Aspiration of Gastrointestinal Material and Induction of Fibronectin Expression in Lung Transplant Recipients: Implications for Early Airway Remodeling
OBM Transplantation is an international peer-reviewed Open Access journal, which covers all evidence-based scientific studies related to transplantation, including: transplantation procedures and the maintenance of transplanted tissues or organs; assimilation of grafted tissue and the reconstitution of removed organs or parts of organs; transplantation of heart, lung, kidney, liver, pancreatic islets and bone marrow, etc. Areas related to clinical and experimental transplantation are also of interest.
OBM Transplantation is committed to rapid review and publication, and we aim at serving the international transplant community with high accessibility as well as relevant and high quality content.
We welcome original clinical studies as well as basic science, reviews, short reports/rapid communications, case reports, opinions, technical notes, book reviews as well as letters to the editor.
Indexing: DOAJ-Directory of Open Access Journals.
Archiving: full-text archived in CLOCKSS.
Rapid publication: manuscripts are undertaken in 6 days from acceptance to publication (median values for papers published in this journal in the first half of 2020, 1-2 days of FREE language polishing time is also included in this period). A first decision provided to authors of manuscripts submitted to this journal are approximately 3.7 weeks (median values) after submission.
Biomarkers in Transplantation
Submission Deadline: November 30, 2018 (Open) Submit Now
Mazhar A. Kanak, PhD
Assistant Professor, Transplant Surgery, Department of Surgery, Virginia Commonwealth University School of Medicine, Richmond, VA, USA
Research Interests: Inflammation in islet transplantation; Nuclear Factor Kappa B (NFkB) regulation in inflammatory response; Mechanism of islet rejection; Diabetes Type 1 and 2 development; Biomarkers in transplantation; Tolerance induction; Novel immunosuppression for transplantation; Strategies to improve islet transplantation
About This Topic
Transplantation of organs, tissues, and cells as a cure for life threatening diseases is being performed for several decades now. The major challenge is to keep the graft healthy and alive for the lifetime of the patient. The use of immunosuppression has somewhat favored survival of graft but only temporarily. Detection and management of graft failure early enough to intervene the process of rejection has been widely sought. Biomarkers are molecular, biochemical, or morphological profiles or observations that can be used to monitor graft function, graft loss (acute/chronic), antibody mediated rejection, immune status of the patients etc. Several sources of biomarkers have been explored including protein signatures, mRNA expression, miRNA profiles, cell-free DNA and exosomal analysis. Technological advancement has enabled significant progress towards the development of novel biomarkers. Biomarkers in transplantation can be used to monitor immunosuppression profile, reduce morbidity, improve long-term graft survival and life-expectancy of the patient.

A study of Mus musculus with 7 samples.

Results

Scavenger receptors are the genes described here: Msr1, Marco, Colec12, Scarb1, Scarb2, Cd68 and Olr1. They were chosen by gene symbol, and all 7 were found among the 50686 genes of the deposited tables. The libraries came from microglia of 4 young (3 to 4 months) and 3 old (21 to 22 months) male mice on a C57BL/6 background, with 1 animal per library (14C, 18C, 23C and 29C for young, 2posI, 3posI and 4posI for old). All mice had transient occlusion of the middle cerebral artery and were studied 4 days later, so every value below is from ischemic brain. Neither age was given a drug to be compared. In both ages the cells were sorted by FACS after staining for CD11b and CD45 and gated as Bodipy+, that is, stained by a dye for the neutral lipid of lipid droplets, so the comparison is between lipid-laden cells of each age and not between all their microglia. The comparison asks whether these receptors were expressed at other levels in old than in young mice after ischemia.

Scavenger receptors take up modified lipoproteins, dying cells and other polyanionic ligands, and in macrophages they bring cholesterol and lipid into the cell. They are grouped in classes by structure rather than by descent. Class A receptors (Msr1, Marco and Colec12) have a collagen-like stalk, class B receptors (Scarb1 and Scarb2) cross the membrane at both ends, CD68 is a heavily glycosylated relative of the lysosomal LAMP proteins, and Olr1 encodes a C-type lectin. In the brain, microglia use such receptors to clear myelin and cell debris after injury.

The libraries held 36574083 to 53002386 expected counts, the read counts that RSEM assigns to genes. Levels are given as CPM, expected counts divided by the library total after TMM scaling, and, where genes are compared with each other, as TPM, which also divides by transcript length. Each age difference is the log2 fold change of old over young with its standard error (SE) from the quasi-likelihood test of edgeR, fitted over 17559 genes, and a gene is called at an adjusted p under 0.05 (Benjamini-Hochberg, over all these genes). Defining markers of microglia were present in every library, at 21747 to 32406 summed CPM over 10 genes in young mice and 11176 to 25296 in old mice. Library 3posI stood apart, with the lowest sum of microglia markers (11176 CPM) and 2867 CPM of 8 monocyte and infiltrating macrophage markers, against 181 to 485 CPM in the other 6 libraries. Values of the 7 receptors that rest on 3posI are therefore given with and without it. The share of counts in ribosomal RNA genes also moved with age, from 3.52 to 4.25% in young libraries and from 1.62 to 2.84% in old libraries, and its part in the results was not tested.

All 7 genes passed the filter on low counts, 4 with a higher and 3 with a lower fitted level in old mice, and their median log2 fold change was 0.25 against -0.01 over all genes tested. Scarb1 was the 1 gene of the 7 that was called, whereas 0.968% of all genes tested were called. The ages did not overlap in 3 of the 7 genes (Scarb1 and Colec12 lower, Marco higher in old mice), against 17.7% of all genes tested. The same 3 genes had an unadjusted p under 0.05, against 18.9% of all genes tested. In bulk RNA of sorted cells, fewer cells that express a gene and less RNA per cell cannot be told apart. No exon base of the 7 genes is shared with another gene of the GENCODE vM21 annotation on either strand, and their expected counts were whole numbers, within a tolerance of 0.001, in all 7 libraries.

The scope of this special issue will be to introduce the role of biomarkers in transplantation, discuss the biomarkers currently in clinical practice in various forms of transplantation, and demonstrate the use of new technologies and research involved in the development of biomarkers. This special issue is open to all authors involved in the study and development of biomarkers in the area of clinical transplantation.
To prevent robots and page crawlers from submitting fraudulent forms, complete verification to prove that you are a human.